The Army and Marine Corps are forced to compromise infrastructure modernization and therefore future military readiness due to a lack of funding, officials told Congress Dec. 3.
Top military infrastructure officials said that the military services have had to defer infrastructure maintenance because the Defense Department has prioritized funds for other needs, jeopardizing long-term readiness.
“There are four things you need to generate readiness. You need airspace, you need land, you need IT infrastructure … and you need personnel,” said Army Maj. Gen. Patrick White of G3 Operations U.S. Army Forces Command, during a House Armed Services Subcommittee on Readiness hearing. “We’ve taken risk as an army over the past 10 years by pushing our resources into the direct readiness area, which happens to be operations tempo, and taking risk on infrastructure and facilities.”
In other words, the military is deploying frequently (operational tempo) and focusing on present readiness, but not investing in the readiness of the future.
“The Army’s installations are the power projection platforms enabling readiness and ensuring deployable combat forces, but what we’re seeing is the personnel tempo and the operational tempo is increasing, because of our decrease in number of soldiers that we do have as we go to 490 [thousand] and then to 450 [thousand],” Army Assistant Chief of Staff for Installation Management Lt. Gen. David Halverson said.
As the military has continued to focus on the now, responsibilities for the future have piled up.
“Within our sustainment accounts we’ve had to defer many requirements and many capabilities,” Commander of Marine Corps Installations Command Maj. Gen. Charles Hudson said. “The primary focus, of course, is to prepare for our forces to deploy now or tomorrow and we made an institutional decision to defer sustainment requirements to later on … that will result in the gradual degradation of our capability and over the long term that will cause the cost to increase dramatically.”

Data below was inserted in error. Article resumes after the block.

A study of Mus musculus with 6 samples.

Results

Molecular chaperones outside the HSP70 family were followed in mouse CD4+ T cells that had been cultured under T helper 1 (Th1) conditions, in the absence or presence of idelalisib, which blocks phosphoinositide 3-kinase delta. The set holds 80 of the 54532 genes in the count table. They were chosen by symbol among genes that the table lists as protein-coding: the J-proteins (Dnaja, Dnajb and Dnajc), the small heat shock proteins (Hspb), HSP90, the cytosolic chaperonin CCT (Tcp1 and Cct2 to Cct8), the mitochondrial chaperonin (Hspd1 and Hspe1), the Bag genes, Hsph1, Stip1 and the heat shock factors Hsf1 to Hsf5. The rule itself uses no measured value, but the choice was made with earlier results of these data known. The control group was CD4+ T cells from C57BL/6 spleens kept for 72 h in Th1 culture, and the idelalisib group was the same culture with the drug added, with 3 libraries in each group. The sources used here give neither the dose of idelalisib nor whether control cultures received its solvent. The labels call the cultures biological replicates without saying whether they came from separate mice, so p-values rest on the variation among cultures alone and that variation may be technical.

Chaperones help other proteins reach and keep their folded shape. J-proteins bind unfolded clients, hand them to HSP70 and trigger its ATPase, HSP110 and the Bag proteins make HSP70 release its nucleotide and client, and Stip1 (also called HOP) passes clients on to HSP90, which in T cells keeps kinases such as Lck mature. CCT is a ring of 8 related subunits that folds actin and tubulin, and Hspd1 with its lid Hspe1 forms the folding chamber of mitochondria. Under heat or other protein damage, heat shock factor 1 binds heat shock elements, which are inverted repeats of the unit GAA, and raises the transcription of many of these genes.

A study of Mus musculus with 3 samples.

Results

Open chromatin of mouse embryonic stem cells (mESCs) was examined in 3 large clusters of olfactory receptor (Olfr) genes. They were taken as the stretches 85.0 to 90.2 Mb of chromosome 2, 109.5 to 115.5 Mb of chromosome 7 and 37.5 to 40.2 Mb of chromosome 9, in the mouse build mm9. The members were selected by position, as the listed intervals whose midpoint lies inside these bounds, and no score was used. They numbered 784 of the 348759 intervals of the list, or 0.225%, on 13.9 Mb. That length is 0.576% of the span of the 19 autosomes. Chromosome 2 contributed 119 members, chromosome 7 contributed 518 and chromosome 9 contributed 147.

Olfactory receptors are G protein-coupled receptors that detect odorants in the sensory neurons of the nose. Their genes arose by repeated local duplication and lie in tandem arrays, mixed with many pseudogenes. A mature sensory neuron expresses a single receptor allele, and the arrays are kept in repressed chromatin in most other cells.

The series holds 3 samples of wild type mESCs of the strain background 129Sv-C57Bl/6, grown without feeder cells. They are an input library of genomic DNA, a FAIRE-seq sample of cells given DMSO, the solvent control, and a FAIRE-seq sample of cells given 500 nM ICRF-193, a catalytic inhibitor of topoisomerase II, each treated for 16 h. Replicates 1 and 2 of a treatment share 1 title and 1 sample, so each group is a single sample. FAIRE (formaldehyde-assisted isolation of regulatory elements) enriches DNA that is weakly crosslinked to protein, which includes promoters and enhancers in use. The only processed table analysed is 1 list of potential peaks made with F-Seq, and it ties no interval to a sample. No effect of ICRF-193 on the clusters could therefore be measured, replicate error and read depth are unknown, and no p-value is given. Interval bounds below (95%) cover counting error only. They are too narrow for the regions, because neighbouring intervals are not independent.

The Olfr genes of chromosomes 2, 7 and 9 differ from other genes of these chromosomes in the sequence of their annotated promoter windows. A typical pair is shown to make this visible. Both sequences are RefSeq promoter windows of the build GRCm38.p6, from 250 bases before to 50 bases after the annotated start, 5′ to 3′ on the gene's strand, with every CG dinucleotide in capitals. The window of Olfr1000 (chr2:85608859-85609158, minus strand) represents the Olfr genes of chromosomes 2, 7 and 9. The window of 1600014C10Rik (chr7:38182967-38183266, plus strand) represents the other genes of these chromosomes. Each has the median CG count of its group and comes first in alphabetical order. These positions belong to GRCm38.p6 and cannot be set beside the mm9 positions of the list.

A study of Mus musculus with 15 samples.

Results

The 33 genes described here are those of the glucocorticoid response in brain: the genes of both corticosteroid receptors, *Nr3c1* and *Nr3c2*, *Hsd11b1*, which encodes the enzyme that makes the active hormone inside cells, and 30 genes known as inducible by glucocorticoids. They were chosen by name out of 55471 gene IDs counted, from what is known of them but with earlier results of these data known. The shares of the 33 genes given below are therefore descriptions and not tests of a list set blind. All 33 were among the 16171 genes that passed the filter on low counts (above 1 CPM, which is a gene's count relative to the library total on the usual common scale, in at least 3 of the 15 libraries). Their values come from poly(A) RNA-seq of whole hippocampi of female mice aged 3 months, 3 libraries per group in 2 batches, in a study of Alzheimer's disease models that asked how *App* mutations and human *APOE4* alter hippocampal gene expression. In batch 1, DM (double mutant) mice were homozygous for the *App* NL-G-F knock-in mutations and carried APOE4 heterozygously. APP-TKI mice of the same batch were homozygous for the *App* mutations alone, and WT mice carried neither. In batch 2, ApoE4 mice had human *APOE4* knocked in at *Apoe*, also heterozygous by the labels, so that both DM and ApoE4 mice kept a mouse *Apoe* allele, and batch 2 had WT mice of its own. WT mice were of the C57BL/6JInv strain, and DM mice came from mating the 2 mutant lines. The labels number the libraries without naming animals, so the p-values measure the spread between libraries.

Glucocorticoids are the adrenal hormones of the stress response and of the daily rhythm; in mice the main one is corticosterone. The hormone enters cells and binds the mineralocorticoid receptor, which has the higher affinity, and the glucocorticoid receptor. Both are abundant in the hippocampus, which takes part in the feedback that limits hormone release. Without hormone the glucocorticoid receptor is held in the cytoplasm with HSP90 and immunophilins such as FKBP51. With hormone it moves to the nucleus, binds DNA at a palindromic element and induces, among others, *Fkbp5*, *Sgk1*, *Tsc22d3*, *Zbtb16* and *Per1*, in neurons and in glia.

Hudson said the Marine Corps projects within the next five years a $1 billion bow wave of requirements that it will not be able to pay for due to reduced budgets or reduced top lines.
As a result, required training is being delayed due to a dearth of available ranges, harming the military’s readiness and essential infrastructure is degrading.
Ranges need to be maintained, there is pressure on current ranges to be modernized and there is the cost of future range development, Commander of 2nd Marine Division Maj. Gen. Brian Beaudreault told lawmakers.
Beaudreault said the Marines have buildings for urban warfare training, but not towns in which to put a large-scale unit for training. The Marines have recognized the urbanization that is happening in future warzones and Beaudreault said the money needs to be in place to build those training facilities.
While training facilities are an issue, other facilities are in need of modernization and maintenance.
“I have 68 barracks in the 2nd Marine Division that my Marines live in, 28 of which have been renovated or newly constructed,” Beaudreault said. “Forty of those remain. Under the current funding line it will take until 2034 to renovate the remainder of those barracks.”
One Army official said he is in charge of buildings that are more than 70 years old.
That’s not to mention the upgrades buildings need now that they rely more on technology.
Buildings are just as susceptible to cyber attacks as any other electronic platform. Not only can hackers get into things such as the heating, ventilation and cooling systems and electrical grids, but they can also access more critical infrastructures, compromising intelligence and safety.
John Conger, the acting assistant defense secretary for Energy, Installations and Environment said during a Nov. 17 speech that eventually DoD is going to have to invest real money into the cybersecurity of buildings.
That includes hiring technically savvy personnel that can do maintenance on buildings.
That poses a significant problem when DoD’s funds aren’t even covering what is needed to maintain bases and buildings.
Conger said DoD already is running risk with just basic building maintenance because it is underfunded.
It’s not looking like those modernization efforts will get funding anytime soon. DoD is facing a $17 billion deficit in 2017 due to the budget agreement and the President’s decision to keep troops in Afghanistan.
DoD Comptroller Mike McCord said during a Nov. 30 speech that modernization efforts will be taking the brunt of the cuts the department must make in 2017.
DoD Undersecretary for Acquisition, Technology and Logistics Frank Kendall also said during a Dec. 2 speech that modernization efforts would take a “disproportionate” cut in the 2017 budget.